Judge likely to approve American bankruptcy exit

CHICAGO - MARCH 26: An American Airlines jet prepares to land at O?Hare Airport March 26, 2008 in Chicago, Illinois. American Airlines cancelled about 200 flights nationwide today so they could inspect some wire bundles aboard their MD-80 aircraft. (Photo by Scott Olson/Getty Images)
Scott Olson

NEW YORK A federal judge signaled Thursday that he is leaning toward approving American Airlines' emergence from bankruptcy protection but wanted more time to reflect.

"I'm finding the arguments in favor of confirmation fairly persuasive," Judge Sean H. Lane said from the bench. He could sign off on American's restructuring plan at the next hearing on Sept. 12 or in a written decision prior.

Such a decision would only leave one obstacle -- although a big one -- to American's proposed merger with US Airways: An antitrust lawsuit filed by the government earlier this month.

That suit filed by the U.S. Department of Justice, six states and the District of Columbia argues that combining American and US Airways would leave four airlines controlling more than 80 percent of U.S. air traffic and drive up prices.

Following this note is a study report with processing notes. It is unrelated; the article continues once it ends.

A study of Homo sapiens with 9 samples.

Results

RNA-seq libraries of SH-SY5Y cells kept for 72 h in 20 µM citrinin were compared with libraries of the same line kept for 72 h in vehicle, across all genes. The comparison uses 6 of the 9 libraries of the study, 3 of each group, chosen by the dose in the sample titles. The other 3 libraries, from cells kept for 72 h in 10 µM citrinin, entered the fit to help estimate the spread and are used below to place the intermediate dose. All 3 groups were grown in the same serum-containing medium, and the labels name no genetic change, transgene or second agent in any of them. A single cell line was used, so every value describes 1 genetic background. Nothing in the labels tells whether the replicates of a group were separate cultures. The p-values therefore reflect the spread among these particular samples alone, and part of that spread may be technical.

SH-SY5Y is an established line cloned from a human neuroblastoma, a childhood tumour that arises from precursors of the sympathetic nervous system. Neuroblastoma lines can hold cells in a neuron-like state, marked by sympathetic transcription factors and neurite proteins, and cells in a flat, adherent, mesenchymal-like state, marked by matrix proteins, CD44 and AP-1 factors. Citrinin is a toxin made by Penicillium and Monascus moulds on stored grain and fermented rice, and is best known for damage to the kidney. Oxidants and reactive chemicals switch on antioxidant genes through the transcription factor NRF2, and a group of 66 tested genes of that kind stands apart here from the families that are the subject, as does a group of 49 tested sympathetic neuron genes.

That case is at least two months away from being resolved, unless the airlines and government reach an out-of-court settlement first.

Lawyers for American's parent company, AMR Corp., and for its creditors told the bankruptcy judge that the lawsuit should not have any bearing on his decision. They noted that his approval of the restructuring plan -- one approved by American's shareholders -- is already subject to regulatory approval.

Stephen Karotkin, a lawyer with Weil, Gotshal & Manges who represents American, said that the airline's creditors and shareholders all stand behind American's restructuring plan.

Not approving it now, Karotkin said, would inject an "unwarranted element of uncertainty" into American's fate. Even if the merger fails, he said it is "inconceivable" that the airline would face liquidation or need further court-approved restructuring.

The Department of Justice has suggesting bringing the case to trial no sooner than March 3. American and US Airways say such a delay will cost them millions of dollars and potentially kill the merger. They have proposed a start date of Nov. 12 for the trial in Washington D.C. U.S. District Court Judge Colleen Kollar-Kotelly will meet with the parties Friday.